How “Top Chef” Can Help Me With My Social/Digital Media Aspirations In 2011

6 Dec

Knife photo courtesy of Matthew Griffith via Flickr

I have been addicted to the Bravo TV series “Top Chef” since Season 2.  I’m just thrilled that the current season, which started Dec. 1, has brought back almost all of my “Top Chef” favorite contestants, except for Ron Durpat from Season 6.

But what I really like is how Bravo has incorporated social media tools that help fans feed their fix for the addictive show. And the show can serve as a guide for journalists who are still struggling with how — and which — social media tools to include in their efforts to join the conversation with readers.

Each of the judges – Anthony Bourdain, Tom Colichio and Gail Simmons — have blogs that offer considerable insight and behind-the-scenes informative and entertaining tidbits. But why no blog for Padma??  There’s also a Team Top Chef blog that adds to the fun.  I can check this off, because I contribute to 2 work-sponsored blog, and I also write the NABJDigital blog and now have this blog (yes, I do sleep and have a life).

You can spend hours on the website alone playing games, reviewing the past eight seasons, checking out photos and videos, chatting away with fellow fans on the message boards and keeping up via Twitter and Facebook.  I especially like the Top Chef presence on Twitter. It’s obvious they have someone dedicated to that account, judging by the steady stream of Tweets.  I consider HootSuite a great free tool that can help you manage Twitter accounts and Facebook pages.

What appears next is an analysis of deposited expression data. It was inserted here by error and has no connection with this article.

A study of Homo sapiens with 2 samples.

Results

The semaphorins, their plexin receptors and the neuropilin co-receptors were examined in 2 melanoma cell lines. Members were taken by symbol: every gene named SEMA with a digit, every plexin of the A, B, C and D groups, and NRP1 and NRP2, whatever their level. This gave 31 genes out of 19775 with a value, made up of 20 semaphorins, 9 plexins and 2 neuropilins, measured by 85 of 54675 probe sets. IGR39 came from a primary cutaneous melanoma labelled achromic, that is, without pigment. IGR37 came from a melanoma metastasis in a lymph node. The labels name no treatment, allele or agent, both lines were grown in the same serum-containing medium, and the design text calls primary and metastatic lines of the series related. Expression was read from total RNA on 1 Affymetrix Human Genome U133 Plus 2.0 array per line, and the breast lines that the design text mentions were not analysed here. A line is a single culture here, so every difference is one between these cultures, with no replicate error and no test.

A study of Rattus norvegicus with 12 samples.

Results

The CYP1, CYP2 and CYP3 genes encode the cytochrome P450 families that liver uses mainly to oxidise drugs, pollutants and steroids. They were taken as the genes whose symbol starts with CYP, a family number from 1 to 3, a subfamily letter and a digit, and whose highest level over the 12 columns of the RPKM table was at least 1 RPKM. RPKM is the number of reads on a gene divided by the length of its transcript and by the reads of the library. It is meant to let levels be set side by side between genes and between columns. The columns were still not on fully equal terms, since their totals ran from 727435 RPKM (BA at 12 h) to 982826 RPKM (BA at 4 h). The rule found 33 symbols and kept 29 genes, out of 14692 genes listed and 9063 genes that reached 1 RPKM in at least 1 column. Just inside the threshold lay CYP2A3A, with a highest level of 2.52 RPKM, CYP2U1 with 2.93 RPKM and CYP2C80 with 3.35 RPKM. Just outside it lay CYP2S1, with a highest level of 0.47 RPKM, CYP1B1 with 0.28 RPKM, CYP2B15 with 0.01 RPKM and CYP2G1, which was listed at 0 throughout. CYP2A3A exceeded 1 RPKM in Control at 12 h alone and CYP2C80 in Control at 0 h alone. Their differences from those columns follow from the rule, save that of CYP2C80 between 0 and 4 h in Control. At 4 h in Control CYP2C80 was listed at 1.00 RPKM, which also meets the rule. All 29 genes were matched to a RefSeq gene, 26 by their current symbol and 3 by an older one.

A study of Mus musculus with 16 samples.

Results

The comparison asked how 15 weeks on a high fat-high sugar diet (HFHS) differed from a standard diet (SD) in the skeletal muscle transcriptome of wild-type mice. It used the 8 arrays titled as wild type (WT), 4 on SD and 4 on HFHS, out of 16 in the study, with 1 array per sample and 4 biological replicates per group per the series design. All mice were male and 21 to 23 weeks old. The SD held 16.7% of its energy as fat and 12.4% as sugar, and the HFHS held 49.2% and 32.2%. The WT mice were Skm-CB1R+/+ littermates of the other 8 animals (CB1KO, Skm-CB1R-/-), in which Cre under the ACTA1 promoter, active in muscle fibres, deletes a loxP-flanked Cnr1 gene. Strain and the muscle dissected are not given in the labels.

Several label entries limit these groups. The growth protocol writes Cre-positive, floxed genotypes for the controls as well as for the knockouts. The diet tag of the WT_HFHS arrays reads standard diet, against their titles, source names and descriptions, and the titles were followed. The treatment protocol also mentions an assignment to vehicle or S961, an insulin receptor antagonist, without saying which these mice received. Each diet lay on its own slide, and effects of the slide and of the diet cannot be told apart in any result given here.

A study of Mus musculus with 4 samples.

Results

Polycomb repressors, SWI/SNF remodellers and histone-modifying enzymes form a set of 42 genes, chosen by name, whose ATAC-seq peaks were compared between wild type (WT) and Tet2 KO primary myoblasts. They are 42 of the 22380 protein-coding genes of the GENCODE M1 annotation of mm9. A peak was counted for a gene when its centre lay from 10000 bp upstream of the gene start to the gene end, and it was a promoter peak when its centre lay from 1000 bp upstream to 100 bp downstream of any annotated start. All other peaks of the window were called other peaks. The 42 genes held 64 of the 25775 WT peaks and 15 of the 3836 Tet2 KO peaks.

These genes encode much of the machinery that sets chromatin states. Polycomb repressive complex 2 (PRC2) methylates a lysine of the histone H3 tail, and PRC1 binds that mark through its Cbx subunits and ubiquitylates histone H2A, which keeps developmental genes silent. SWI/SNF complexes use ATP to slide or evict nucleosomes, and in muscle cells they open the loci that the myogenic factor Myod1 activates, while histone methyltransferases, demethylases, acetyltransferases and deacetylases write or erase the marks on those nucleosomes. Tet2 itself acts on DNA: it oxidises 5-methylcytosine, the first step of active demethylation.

And if that weren’t enough, you can get lost in the recipe finder section, which is broken down into 13 different categories, including: skill level, course, cuisine, season and even mood.  Let’s get real – I consider myself a pretty good cook, but I won’t be making the Colorado Rack of Lamb, in the challenging category, made by Dale Levitski from Season 3 (and I’m glad he’s on the current season).  I’m much more likely to attempt the Spicy Shrimp Ceviche with Chili Popcorn, in the moderate category, done by Sam Talbot in Season 3. And I’d definitely try the Grilled and Chilled Shrimp recipe, in the easy category, from Lisa Fernandes in Season 4.

The website is also very friendly on smartphones, and allows visitors to sign up for updates.  There’s even a Foodie Fight iPhone/iPad app that allows you to battle with past cheftestants using items from the Top Chef pantry.  My company does not have an iPhone app, but it does have a handy mobile website that’s accessible on any smartphone.

The journalist/social media side of me sees so many possibilities of what can really be done to bring in – and keep – your audience as a part of the conversation, thanks to what “Top Chef” has done.  We’ll see what develops in 2011!